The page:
The Oct. 5 Kenai Peninsula Borough election is shaping up to be a heated one with several last-minute candidates filing for seats in the final days.
The filing period for candidates in the borough closed Monday, as have filing periods in borough cities. And while some races will be no trouble for lone candidates, a handful of leadership positions have drawn fierce competition.
Seven candidates have filed to run for three open seats on the borough assembly, meaning there will be no cake-walk races in this year's election. Incumbent Gary Superman will face James Price in the contest for a seat representing District 3 Nikiski. Current assembly member Paul A. Fischer faces Mark D. Osterman, an attorney who previously has run for the assembly, in District 7 Central. Meanwhile, in District 4 Soldotna, assembly President Pete Sprague will try to retain his seat against two opponents: Michael Swan and Fred Sturman.
On the other hand, the race for seats on the Kenai Peninsula Borough School District's Board of Education is comparatively tame. Only one of the three seats open this year has a challenged race. In Seat 1 Kalifornsky, longtime school board member Lorraine "Sammy" Crawford faces Gene Dyson, a frequent candidate for the board. Incumbents Sandra Wassilie, Seat 6 East Peninsula, and Edith-Helen "Sunni" Hilts, Seat 9 South Peninsula, are unopposed in the races to retain seats they both were elected to last year.
Area city elections also offer a mixed bag this fall.
In Soldotna, where the filing deadline closed Friday, incumbent Jane Stein is the sole candidate registered to run for city council Seat D, while Ed Sleater has filed to run for Seat E, which is being vacated by Audrey Porter.
In Kenai, however, two council seats and the mayor's post are open for election and have drawn several candidates. Current council members Jim Bookey and Pat Porter have filed to fill the seat vacated by retiring Mayor John Williams. That leaves Bookey's council seat, as well as one held by Joe Moore, open. Moore, plus newcomers Clifford Massie and Michael F. Boyle, will contend to fill the two openings.
In Homer, four candidates will face off to replace Mayor Jack Cushing. Current city council members John Fenske and Dennis Novak face James Hornaday and Julie Cesarini for the post. Meanwhile, council incumbent Doug Stark faces opposition from Bill Smith and Mary E. Wythe for a three-year council term, and Lane Chesley and Val McLay are vying for a two-year term vacated by Mike Yourkowski, who is running for the Alaska Senate.
Two candidates in Seward current Vice Mayor Vanta Shafer and Tim McDonald are facing off to fill that city's mayor position, vacated a year early by David Brossow. Meanwhile, three two-year council seats are up for grabs, with seven candidates vying for the slots: Stu Clark, Walter Christolear, incumbent Willard Dunham, David Hettick, incumbent Margaret Branson, Steve Schafer and Dorene Lorenz.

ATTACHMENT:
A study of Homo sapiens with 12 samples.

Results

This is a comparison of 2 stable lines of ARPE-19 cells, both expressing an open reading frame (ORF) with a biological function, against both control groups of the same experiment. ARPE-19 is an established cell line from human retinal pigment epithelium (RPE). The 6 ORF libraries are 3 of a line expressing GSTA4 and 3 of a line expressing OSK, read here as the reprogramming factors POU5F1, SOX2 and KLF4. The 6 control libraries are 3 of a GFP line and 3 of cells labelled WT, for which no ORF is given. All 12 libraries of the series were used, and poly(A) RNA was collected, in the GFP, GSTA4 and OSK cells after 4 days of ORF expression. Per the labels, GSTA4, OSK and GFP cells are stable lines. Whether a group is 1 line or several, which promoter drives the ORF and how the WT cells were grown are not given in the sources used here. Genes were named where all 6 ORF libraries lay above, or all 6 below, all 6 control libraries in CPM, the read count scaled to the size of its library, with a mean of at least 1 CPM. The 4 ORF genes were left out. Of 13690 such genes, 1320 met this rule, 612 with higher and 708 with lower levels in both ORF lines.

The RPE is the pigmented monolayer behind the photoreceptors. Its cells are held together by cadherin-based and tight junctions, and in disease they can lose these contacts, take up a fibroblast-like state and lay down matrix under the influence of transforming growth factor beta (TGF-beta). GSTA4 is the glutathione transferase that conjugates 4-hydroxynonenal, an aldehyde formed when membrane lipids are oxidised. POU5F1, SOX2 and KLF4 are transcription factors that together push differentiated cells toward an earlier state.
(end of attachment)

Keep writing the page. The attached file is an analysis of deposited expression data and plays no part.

Back at the borough level, there are dozens of races heating up for positions on service area boards. (See related story, page A-1.)
Among the most contentious is a face-off amongst five Nikiski residents trying to get on the board of directors for the North Peninsula Recreation Service Area. Efforts to build a community center in Nikiski have drawn fire from some North Road residents, and that topic is expected to be a key one in the election.
In Seat A, incumbent Peter F. Mysing will try to defend his position against David Machado and Sonia Young. In Seat B, vice chair P. Paul Lorenzo faces Victoria E. Pate.
Another board that has drawn several candidates is a potential new one overseeing the Nikiski Law Enforcement Service Area. The formation of that service area will go before voters in one of several borough propositions on the fall ballot, and if the measure passes, a board will be formed to manage the area.
The board would have five seats, and plenty of candidates have turned out to vie for those positions. James Hall is running unopposed for Seat A, while James E. Mellott is unopposed for Seat D and Stephen Tyler is the sole candidate for Seat E. However, Phil Nash, Phil Blythe and Stanley Gerhauser all are running for Seat B, and four candidates Michael A. Peek, Steven K. Meyer, Mark A. Johnson and Sonia Young are dueling for Seat C.
In addition to the formation of a Nikiski Law Enforcement Service Area, borough voters also will have a say on five other propositions in the election. Residents will vote on measures to increase the residential real property tax exemption; clarify service area powers; reduce the cost of capital improvement projects requiring voter approval; expand the Central Emergency Service Area to Funny River; and expand the Central Emergency Service Area to the Kasilof-Cohoe-Clam Gulch area.
The borough election will be Oct. 5. Voters must be registered by Sept. 5.